TAMPA — The offer came over pizza with her parents.
Dorice "DeeDee" Moore's father said he wished he could take on the burden she faced as an investigation into the disappearance and death of Lotto winner Abraham Shakespeare closed in around her.
"Well, would you Dad?" Moore asked, bringing up his age and poor health.
The next morning, she asked again.
"You really would do something like that, Dad?"
It was one of a number of ways Moore sought to deflect attention from herself in connection with Shakespeare's mysterious end, according to more than 4,000 pages of investigative documents released Thursday.
Authorities say Shakespeare died in April 2009, but it wasn't until January that they unearthed his body from beneath a concrete slab in Plant City.
By then, Moore had been named a "person of intense interest" in Shakespeare's disappearance. But documents show she began concocting tales months earlier about what had happened to the 42-year-old day laborer who collected about $12.7 million after taxes when he won the Florida lottery in 2006.
First, she said he was alive and missing by choice, records show. Then she told multiple versions about how he died. Meantime, she looked for someone willing to cop to his killing.
In the end, her stories — and greed — helped convince prosecutors that only she was to blame. The Hillsborough State Attorney's Office charged her with first-degree murder, saying she took control of Shakespeare's millions and then killed him when he started asking questions.
Moore, 38, sits in jail awaiting trial. The paper trail explains how she got there.
For a while afterward, friends and relatives received only text messages from the Polk County man's phone — strange for someone they knew was illiterate.
The messages didn't sound like him. One text told a relative that Shakespeare was a "grown a-- man" and would come back when he wanted to come back.
A text sent to a grocery store owner who had borrowed $1 million from Shakespeare read: "I'm fine. Just got myself into more trouble than usual. My new bookie bumped my head real hard. I'll be back, just gotta fix some things. I have power of attorney to collect for me just while I'm gone. If you can pay me off, it will help a lot of my problems."
Judy Haggins, Shakespeare's personal assistant who had his power of attorney, received a text saying Shakespeare was thrilled he could trust Moore with his money, records show.
Relatives wrote him back, asking questions only he could answer. They got no response.
Moore, who befriended Shakespeare in 2008 and said she planned to write a book about him, was quick to suggest his whereabouts. She told people he went to Texas, Jamaica, Puerto Rico and Orlando.
She said he was sick in a hospital. She said he was tired of being chased for money.
In January, her parents told detectives that they noticed she had come into quite a bit of money in the past year. And they didn't think her explanations for how she was able to afford fancy cars, watches and trips added up.
About a month after Shakespeare's disappearance, records show she spent $3,700 at Gucci in a single shopping trip.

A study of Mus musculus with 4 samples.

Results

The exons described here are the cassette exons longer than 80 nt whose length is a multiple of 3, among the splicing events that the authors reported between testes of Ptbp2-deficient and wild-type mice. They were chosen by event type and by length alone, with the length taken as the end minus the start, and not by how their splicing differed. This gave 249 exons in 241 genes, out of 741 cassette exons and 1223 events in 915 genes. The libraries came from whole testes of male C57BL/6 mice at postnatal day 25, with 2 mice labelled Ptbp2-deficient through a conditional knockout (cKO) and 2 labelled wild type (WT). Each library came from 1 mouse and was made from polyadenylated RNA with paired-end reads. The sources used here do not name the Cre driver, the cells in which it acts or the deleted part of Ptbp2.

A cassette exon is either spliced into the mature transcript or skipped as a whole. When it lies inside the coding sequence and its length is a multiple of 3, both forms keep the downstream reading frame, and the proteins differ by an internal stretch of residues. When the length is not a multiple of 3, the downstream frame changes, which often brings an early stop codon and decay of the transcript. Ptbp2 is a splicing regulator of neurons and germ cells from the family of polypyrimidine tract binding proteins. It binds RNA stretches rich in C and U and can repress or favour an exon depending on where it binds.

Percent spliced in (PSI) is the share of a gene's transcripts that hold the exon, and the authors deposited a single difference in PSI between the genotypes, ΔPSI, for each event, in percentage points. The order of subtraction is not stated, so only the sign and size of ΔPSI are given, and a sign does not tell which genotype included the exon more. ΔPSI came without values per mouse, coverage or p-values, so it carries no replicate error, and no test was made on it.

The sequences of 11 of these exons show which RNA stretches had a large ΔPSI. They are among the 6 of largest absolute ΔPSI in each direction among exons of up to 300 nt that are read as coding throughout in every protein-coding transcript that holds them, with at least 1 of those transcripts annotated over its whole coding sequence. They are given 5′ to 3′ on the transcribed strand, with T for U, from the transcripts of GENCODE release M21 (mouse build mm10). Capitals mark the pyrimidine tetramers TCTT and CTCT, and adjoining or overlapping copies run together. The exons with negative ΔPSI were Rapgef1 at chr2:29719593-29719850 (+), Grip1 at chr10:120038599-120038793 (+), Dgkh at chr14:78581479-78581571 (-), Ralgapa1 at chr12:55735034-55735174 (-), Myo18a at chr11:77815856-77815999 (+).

"She tells the fibiest fibs," said her father, Patrick Donegan.
Authorities offer this explanation: Within four months of meeting Shakespeare, Moore had secured control over all the assets he had not already spent or given away. The sum totaled $3.5 million and included the lottery winner's mansion.
The relative believed Moore and Haggins were to blame, noting that Moore had paid him $5,000 to give Shakespeare's mother a birthday card supposedly signed by the lottery winner.
Soon after, the mother of one of Shakespeare's young sons told a Lakeland detective that Moore had offered to sign over a $250,000 house to her if she told police she had seen Shakespeare.
As the investigation into Shakespeare's disappearance heated up, so did Moore's efforts to distance herself from wrongdoing.
She asked a man named Gregory Todd Smith if he knew anyone who would admit to killing the lottery winner and throwing his body into Tampa Bay. She didn't realize Smith was working for detectives and recording what she said.
She gave Smith the .38-caliber revolver she said had been used in the killing. On Jan. 25, she brought him to the site where Shakespeare was buried, drew him a picture in a spiral notebook to show exactly where the body was and devised a plan for it to be moved, according to the records.
Detectives obtained receipts from trips Moore made to Sam's Club and Walmart the day before, when her purchases included Clorox Bleach, a roll of duct tape, a Lysol kit, two pairs of gloves, a broom, two rolls of sheeting and a Frappuccino.
After authorities thwarted her plan to get the body moved and recovered it themselves, Moore told her family, Haggins and investigators varying accounts of how Shakespeare died. She blamed his fatal shooting on drug dealers, a lawyer and even her then-14-year-old son.
But never herself.
"I'm not guilty," she told her parents a few days before her arrest, according to records. "I just want it to all go away."
A fellow inmate, Angelina Marshall, reported in June that Moore maintained her teenage son killed Shakespeare during a an argument that got out of control.
Moore's son denies any involvement — "One hundred percent didn't happen," he told detectives — and now refuses to have anything to do with his mother, according to the inmate.
Marshall, currently serving a two-year prison sentence, said Moore gave her power of attorney to manage Moore's business affairs and bank accounts when Marshall gets out. Moore also gave her a to-do list.
Her son "turned 16 (in) January," Marshall said Moore told her. "I want you to buy him a 2010 Ford Mustang."